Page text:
The first day of school is underway for students from West, where a plant explosion killed at least 14 people, destroyed a school building and left hundreds of people without homes last week.
Hundreds of West high school students returned to class Monday morning, many in nearby Waco instead of their hometown, after the district's intermediate school was destroyed by the explosion. The district's middle and high schools are closed because of shattered windows and structural damage. The elementary school, which was outside of the immediate blast zone, now has temporary buildings on campus on loan from the Grand Prairie Independent School District that will accommodate the intermediate students.
West's high school and middle students, needing a place to attend school for the remainder of the year, are now headed to Connally High School in nearby Waco.
Several high school students told NBC 5 they felt nervous about attending school at Connally for the rest of the year, as the Connally Cadets and the West Trojans are normally arch rivals. Now, they're joined together in tragedy as part of Connally High School will function as West's middle and high school for the remainder of the school year.
Students who don't drive will be bussed to Waco on buses donated by the Spring ISD outside of Houston.
"I hope they like us," said Brian Jupe, who admitted to having butterflies in his stomach as he boarded the school bus Monday. "Since the explosion it's kind of been rough. It's going to be different because of the new location and everything. It's probably going to be a little bit nervous."
The Middle- and high-school students will be finishing the year in a vacant intermediate school building on the Connally High School campus. Volunteers and staff spent three days painting, cleaning and filling the classrooms with supplies while turning a little bit of Waco into West.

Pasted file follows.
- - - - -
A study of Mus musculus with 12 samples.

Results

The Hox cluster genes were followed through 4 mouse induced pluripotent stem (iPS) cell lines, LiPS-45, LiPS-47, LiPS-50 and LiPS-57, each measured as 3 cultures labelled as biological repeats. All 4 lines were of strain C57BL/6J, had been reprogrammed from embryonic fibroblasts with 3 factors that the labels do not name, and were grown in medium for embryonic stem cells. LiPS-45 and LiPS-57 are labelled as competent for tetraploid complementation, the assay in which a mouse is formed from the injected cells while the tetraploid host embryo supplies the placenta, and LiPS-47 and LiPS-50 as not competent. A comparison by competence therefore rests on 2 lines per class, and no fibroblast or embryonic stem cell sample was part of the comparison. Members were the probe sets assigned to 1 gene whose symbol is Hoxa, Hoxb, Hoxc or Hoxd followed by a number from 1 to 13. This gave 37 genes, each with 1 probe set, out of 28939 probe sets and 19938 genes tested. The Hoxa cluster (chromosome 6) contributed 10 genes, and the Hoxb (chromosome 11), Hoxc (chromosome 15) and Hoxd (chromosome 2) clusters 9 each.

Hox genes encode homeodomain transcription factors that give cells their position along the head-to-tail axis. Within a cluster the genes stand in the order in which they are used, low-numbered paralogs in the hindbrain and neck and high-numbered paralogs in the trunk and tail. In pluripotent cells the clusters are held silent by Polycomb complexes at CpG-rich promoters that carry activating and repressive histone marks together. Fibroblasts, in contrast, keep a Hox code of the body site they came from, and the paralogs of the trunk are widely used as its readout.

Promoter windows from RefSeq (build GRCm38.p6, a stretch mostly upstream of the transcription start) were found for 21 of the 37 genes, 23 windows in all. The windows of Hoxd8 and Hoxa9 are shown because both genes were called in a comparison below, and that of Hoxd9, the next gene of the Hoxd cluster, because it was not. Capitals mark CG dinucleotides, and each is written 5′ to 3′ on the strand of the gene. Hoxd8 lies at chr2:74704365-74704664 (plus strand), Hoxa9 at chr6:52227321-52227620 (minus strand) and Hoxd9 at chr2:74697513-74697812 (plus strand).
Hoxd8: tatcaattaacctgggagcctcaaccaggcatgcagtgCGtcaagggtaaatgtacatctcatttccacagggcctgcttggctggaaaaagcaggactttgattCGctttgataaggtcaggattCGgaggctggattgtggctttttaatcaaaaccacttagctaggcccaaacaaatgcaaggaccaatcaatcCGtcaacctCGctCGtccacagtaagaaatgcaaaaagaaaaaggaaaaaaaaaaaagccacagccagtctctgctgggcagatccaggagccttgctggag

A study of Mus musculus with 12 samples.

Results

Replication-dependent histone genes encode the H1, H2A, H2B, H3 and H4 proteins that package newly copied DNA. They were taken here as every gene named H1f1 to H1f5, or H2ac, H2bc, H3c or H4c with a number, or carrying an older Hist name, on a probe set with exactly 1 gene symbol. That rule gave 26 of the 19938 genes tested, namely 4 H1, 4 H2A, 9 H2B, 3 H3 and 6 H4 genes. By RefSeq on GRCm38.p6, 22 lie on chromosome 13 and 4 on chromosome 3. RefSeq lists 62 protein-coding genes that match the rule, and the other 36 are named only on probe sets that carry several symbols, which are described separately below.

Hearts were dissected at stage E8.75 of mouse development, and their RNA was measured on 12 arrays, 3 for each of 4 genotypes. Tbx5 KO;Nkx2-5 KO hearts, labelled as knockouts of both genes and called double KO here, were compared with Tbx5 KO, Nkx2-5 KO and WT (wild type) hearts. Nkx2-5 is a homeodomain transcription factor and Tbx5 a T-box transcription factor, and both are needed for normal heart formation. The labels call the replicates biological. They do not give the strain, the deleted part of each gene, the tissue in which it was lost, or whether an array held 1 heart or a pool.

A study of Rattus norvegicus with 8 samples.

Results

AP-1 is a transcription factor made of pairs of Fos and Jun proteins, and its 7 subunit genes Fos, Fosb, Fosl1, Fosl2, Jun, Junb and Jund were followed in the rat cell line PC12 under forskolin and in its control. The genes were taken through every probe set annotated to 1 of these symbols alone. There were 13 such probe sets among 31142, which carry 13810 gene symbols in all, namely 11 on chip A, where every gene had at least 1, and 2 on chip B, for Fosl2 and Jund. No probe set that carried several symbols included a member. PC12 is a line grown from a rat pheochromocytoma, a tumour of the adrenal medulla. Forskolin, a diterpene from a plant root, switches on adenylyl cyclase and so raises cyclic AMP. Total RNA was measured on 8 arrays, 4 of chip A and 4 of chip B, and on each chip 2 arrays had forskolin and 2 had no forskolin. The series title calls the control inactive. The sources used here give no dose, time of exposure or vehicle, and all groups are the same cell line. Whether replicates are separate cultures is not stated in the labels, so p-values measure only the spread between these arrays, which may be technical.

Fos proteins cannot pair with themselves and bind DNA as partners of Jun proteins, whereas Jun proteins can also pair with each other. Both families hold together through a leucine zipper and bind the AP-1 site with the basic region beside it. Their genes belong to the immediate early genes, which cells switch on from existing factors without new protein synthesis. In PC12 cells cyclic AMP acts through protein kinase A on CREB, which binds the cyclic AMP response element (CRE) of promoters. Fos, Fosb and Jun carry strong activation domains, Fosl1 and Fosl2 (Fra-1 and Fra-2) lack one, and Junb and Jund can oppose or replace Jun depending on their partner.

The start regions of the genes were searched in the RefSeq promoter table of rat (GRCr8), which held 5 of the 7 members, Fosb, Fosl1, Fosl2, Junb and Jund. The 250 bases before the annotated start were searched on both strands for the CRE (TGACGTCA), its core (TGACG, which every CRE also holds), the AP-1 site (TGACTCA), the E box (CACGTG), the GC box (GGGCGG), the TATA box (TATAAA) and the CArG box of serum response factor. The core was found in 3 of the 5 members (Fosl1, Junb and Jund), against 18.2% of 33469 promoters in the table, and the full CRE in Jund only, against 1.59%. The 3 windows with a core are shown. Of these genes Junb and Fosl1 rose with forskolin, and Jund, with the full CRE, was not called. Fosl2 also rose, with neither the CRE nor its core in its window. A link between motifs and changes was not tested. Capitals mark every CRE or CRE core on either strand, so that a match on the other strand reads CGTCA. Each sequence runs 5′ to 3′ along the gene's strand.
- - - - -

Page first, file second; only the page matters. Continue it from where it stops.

Wesley Holt, a Connally district spokesman, said they also placed binders, notebooks and pens on each desk. Other districts donated furniture, and a food-service company prepared the cafeteria, he said.
"We honestly had to ask people to stop sending school supplies," said Jan Hungate, assistant superintendent at West Elementary.
On Monday, students from West were encouraged to wear their school colors in a show of spirit and solidarity for a community suffering devastating losses.
"Remember: We are West High School and will always be West High School," a message posted on West ISD's web page said.
In most cases, the students from West will attend classes only with other students from West except for some elective subjects, lunch and some physical education.
Teachers and parents hope to get students back into a normal routine.
"I had a lot of family and friends that just don't have homes anymore. Her father's home is destroyed," said parent Elizabeth Bishop, who has a daughter in 5th grade. "I know today's going to be an emotional day for everybody. I think it might hit her today a little bit more than it has the last couple days," she said.
Teachers said they'll give out hugs, offer support, and do their best to answer any questions the children have, while trying to get back to some sort of normalcy in the classroom.
"Everybody is affected, because we're all so intermingled," said Anna Urbanovsky, a 2nd grade teacher with three students who lost their homes. "I know they're okay, but I just want to hug them. Just see them and hug them. That's all."
In a letter to parents last week, the Connally ISD said they will have counselors on hand to assist the students and families from both West and Connally that may be in need of support.
Debbie Ratcliffe, a spokeswoman for the Texas Education Agency, said state officials have offered to waive end-of-year tests and other requirements as needed. Hungate said the district was considering several options on testing.
NBC 5's Frank Heinz and the Associated Press contributed to this report.